Manitoba

Winnipeg Fire Paramedic Service gets an eye in the sky with launch of drone program

The Winnipeg Fire Paramedic Service is taking to the skies.

Drone will give first responders new perspective during emergency situations, fire paramedic service says

The Winnipeg Fire Paramedic Service will start using a drone to help during emergency situations in June. (Matt Rourke/Associated Press)

The Winnipeg Fire Paramedic Service is taking to the skies.

In June, the WFPS will launch its unmanned aerial vehicle program, which will see a drone equipped with a thermal imaging camera used to help emergency crews respond to a variety of different emergency situations.

"With the drone's help, fire crews will have a better understanding of the emergency situation and any potential dangers," said Scott Wilkinson, senior academy officer with the Winnipeg Fire Paramedic Service, in a news release.

"With a more targeted response, the drone will also help reduce damage and improve operational efficiencies."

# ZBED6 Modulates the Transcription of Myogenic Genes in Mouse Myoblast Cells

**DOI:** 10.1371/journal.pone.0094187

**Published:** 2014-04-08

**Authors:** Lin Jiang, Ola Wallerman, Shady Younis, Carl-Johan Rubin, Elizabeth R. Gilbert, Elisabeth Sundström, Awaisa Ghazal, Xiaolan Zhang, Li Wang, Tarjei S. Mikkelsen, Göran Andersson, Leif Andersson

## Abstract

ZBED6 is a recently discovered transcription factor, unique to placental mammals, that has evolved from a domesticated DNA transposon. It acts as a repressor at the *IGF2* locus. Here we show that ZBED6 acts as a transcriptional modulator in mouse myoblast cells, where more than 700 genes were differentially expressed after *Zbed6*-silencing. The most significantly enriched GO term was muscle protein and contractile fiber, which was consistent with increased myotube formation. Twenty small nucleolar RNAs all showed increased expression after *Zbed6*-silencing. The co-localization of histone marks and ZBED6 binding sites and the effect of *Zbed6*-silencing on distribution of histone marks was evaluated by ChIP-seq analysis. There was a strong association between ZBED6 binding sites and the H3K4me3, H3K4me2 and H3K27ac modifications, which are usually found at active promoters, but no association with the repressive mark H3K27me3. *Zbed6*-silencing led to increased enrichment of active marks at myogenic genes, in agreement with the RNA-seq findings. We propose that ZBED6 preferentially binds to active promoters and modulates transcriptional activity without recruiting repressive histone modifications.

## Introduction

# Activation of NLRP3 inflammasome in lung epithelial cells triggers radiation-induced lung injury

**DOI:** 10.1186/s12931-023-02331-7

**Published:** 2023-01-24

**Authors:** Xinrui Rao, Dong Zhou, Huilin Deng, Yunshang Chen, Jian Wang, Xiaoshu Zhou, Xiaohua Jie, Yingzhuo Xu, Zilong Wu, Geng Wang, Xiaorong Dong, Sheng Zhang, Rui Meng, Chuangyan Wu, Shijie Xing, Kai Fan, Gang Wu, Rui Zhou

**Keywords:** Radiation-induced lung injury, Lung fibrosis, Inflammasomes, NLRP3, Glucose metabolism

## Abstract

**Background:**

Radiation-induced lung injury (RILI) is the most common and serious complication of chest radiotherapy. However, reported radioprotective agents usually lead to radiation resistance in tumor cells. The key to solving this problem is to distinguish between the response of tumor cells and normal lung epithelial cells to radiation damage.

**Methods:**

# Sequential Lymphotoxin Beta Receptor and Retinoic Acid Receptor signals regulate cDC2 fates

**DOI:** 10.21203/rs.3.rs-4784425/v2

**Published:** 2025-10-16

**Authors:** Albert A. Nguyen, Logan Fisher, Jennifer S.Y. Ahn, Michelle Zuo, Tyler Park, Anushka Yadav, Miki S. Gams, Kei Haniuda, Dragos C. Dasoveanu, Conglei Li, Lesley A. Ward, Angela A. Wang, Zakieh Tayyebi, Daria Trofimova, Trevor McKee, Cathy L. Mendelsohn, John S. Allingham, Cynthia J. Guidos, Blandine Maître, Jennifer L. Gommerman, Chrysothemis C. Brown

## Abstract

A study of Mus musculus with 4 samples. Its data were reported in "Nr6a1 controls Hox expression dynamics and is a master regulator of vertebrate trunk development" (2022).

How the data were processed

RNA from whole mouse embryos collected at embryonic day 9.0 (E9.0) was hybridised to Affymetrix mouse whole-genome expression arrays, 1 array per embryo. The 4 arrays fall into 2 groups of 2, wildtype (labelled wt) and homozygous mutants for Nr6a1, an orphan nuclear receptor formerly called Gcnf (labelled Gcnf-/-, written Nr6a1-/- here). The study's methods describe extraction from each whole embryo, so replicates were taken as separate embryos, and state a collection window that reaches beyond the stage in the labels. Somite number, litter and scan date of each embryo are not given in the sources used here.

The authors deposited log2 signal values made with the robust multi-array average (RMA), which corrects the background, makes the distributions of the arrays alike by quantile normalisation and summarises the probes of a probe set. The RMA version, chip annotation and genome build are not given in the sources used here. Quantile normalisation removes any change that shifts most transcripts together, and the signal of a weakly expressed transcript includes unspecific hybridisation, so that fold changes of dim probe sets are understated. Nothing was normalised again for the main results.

Earlier this week, the Winnipeg Police Service said it had used thermal imaging cameras on its police helicopter in nine fires in the first eight days of May to direct crews to fires and previously unknown hot spots on the ground.

The WFPS drone will be used to locate people and hot spots and help to find potential structural issues while crews battle fires. It will allow incident commanders on scene to see what the drone is seeing in real-time, according to the city's release.

In addition to helping during structure fires, the city says the technology can also be used for water rescues and hazardous materials response, as well as wildland fire monitoring and post-incident analysis and investigation.

The program's roughly $44,000 price tag will be covered through funding from the city's innovation capital fund.

"This program is just one more way the City of Winnipeg is using technology to improve the quality of life for people living and working here," said Coun. Cindy Gilroy, chair of the city's standing policy committee on innovation.

"This technology will assist our first responders to provide essential services to residents."

The drone will be ready to fly 24 hours a day, seven days a week, and can be flown in weather as cold as –20 C and wind speeds up to 40 km/h.